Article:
Bit by bit, IBM's cloud empire has come together, and it's aimed most directly at Fortune 500 folks with heavy business needs, especially by way of its Softlayer acquisition. IBM's latest acquisition, Cloudant, is shaping up as a way to add a key ingredient to the services portfolio: NoSQL-style database as a service.
NoSQL's been enjoying a massive surge of interest, but adopting it has come with a host of difficulties. To that end, Cloudant's services seem to be aimed at solving two problems associated with NoSQL:
- It offers hosting for CouchDB-style instances for companies that don't want to deal with the hassle of maintaining them (that is, database as a service).
- It provides an Apache-licensed software layer for mobile developers to make it easy to add support for that data repository without having to code from scratch.
Plus, Cloudant expands on CouchDB by adding some other technologies, such as chained MapReduce.
If one of the virtues of database as a service is the way each incarnation is focused on solving a single problem (analytics, transaction processing), then Cloudant's take is very much in the same vein. When I spoke to Cloudant earlier this month about its then-new sync services, the company made it clear how many of its most touted features -- such as being able to keep data synchronized across apps that aren't always consistently connected -- include mobile devices as part of the portfolio, but are by no means the whole story.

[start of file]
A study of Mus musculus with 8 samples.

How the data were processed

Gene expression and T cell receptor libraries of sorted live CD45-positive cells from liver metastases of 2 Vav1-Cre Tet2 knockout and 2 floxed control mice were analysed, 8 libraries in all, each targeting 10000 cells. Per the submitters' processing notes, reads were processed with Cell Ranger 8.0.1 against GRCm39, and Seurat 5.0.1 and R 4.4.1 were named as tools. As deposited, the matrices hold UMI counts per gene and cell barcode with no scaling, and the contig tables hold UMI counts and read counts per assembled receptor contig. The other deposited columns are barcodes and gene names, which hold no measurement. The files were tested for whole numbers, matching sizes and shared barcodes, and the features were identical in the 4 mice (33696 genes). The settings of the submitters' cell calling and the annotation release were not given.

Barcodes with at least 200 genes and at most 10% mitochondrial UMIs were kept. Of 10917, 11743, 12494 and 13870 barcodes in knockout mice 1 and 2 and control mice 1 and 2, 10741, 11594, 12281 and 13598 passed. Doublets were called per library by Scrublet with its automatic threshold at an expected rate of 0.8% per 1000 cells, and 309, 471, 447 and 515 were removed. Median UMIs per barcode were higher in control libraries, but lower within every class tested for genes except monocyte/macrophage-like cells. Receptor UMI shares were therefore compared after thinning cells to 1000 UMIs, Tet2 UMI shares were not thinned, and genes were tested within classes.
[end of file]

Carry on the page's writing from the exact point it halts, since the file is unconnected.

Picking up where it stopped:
Data distribution for any business is a perpetually unsolved problem, in big part because no two companies have the same needs. Cloudant is billing itself as a solution not only to data distribution, but also offering certain data analytics services: Automatic replication of data across stores (billed by the company as "CDN for your data"), plus Lucene searches, geolocation services, analytics via MapReduce, and so on.
IBM's long-term plans for Cloudant aren't clear. The only thing we know for sure is that the company's set to become part of IBM's new "Information and Analytics Group." One possibility is how Cloudant's services will be cross-integrated with other IBM big data products -- such as Predictive Insights, which was just introduced late last year.
IBM is slowly shedding its hardware legacy and becoming more of a software and business applications platform, with forays into cognitive computing as well. In light of those developments, it makes sense for IBM to spin in a company that provides an existing, full-blown solution to a fast-growing (and sometimes tricky-to-implement) technology.
This story, "IBM's Cloudant deal will deliver NoSQL on demand," was originally published at InfoWorld.com. Get the first word on what the important tech news really means with the InfoWorld Tech Watch blog. For the latest developments in business technology news, follow InfoWorld.com on Twitter.